Concussions

Players hold up their helmets in a huddle Oct. 19 during warm ups before the game against Auburn.

During the second game of the season, one UA football player got his first concussion after playing football since sixth grade. He missed two games because of his concussion but returned for the Texas A&M game while still displaying symptoms. 

“I didn’t want to miss the Texas A&M game, so I kind of finessed my way around the protocol and got cleared to play in the A&M,” said Colton Jackson, a senior and offensive lineman who retired after the Oct. 19 game. “But I still had a concussion during the A&M game, and it made it worse.”

Jackson said he passed all of the tests necessary to return to play, including word memorization tests, a balance test, a vision test and TRAZER, a computer-based simulation program. However, he still had bad headaches. Jackson played for the entirety of the A&M game, which he said was difficult. 

“To me, the reason I tried to push through was because I didn’t want my headache to prevent me from playing,” Jackson said. 

A concussion is a traumatic brain injury caused by a blow to the head, which makes the brain bounce or twist inside of the skull, according to the Center for Disease Control and Prevention. 

“With a concussion, you don’t really look at the real seriousness of it,” Jackson said. “You don’t look at what it does to your brain. You just feel the side effects.” 

Long-term effects of concussions include trouble concentrating, memory problems, irritability and other personality changes, sensitivity to light and noise, sleep disturbances, depression and other psychological problems and disorders of smell and taste. 

To return to games, athletes must not show any symptoms, complete a return-to-activity plan, be at or above their previous baseline testing and tolerate exertional protocol without returning symptoms, according to Arkansas Athletics.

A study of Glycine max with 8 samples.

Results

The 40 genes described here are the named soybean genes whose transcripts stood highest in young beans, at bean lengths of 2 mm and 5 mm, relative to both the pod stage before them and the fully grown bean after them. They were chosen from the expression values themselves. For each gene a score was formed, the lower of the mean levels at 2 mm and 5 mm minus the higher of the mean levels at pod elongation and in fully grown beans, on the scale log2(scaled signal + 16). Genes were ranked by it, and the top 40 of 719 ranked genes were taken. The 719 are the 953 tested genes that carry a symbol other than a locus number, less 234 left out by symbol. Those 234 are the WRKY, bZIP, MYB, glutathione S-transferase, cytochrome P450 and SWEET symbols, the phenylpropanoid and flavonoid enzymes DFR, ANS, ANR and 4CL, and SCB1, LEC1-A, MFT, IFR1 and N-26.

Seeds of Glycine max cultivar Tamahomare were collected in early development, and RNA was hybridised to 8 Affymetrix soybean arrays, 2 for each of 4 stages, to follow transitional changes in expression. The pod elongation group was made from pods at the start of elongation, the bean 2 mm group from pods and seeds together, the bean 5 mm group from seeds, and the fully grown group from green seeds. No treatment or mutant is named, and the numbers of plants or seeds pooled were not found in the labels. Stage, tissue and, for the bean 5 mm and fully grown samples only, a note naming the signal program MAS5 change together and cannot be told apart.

“When you get hurt, the protocol for injuries is so long for any injury, you don’t even want to tell the trainers that you’re hurt,” Jackson said. 

Student-athletes, their parents or guardians, coaches, the team physician and other officials are required to sign a form noting they understand the requirement to immediately report concussion symptoms to the UA Sports Medicine staff, according to Arkansas Athletics.

Student-athlete and their parents or guardians must also sign a release acknowledging that helmets cannot prevent serious head or neck injuries while participating in football, according to Arkansas Athletics. 

Jackson retired after the Oct. 19 game because of problems from an injury-related back surgery he had in 2018. Jackson said that he rushed through recovery because he did not want to miss the season. 

After spending the off-season in rehabilitation from his surgery, Jackson returned to play three weeks earlier than expected. 

“You only get 12 opportunities each season to – basically how coaches put it – build your resume,” Jackson said. 

The ultimate goal for many players is to get to the NFL and get to the next level, Jackson said. Every game builds players’ resumes, and missing games takes away from that. 

When someone has a concussion, Jackson said that his teammates will say things like, “Oh, you just have a headache. You’re fine.”

De’Vion Warren, a junior and a wide receiver for the football team, has had two concussions while playing with the Razorbacks.

“We just try to make sure that their morale is not low, because for some people when they get hurt, football is the only thing they do,” Warren said. “So, once that’s taken from them they just have to sit back and wait to get better.” 

“That’s what you think at the same time and you’re like what do I look like just missing a game because I have a headache and what do I look like missing a game just because I threw up a few times,” Jackson said. 

If players have different injuries, such as sprains or a broken bone, or have a boot or a sling, they have “something to show for it” compared to a concussion, Jackson said.  

“You want to play through what you can play through, and in most cases that’s good,” Jackson said. “But, in a lot of cases that’s not good to do for your body and your brain.”

A representative for the Office for Sport Concussion Research was not available to comment.

Miranda Stith is a news editor for the Arkansas Traveler, where she previously worked as a reporter from 2018-2019.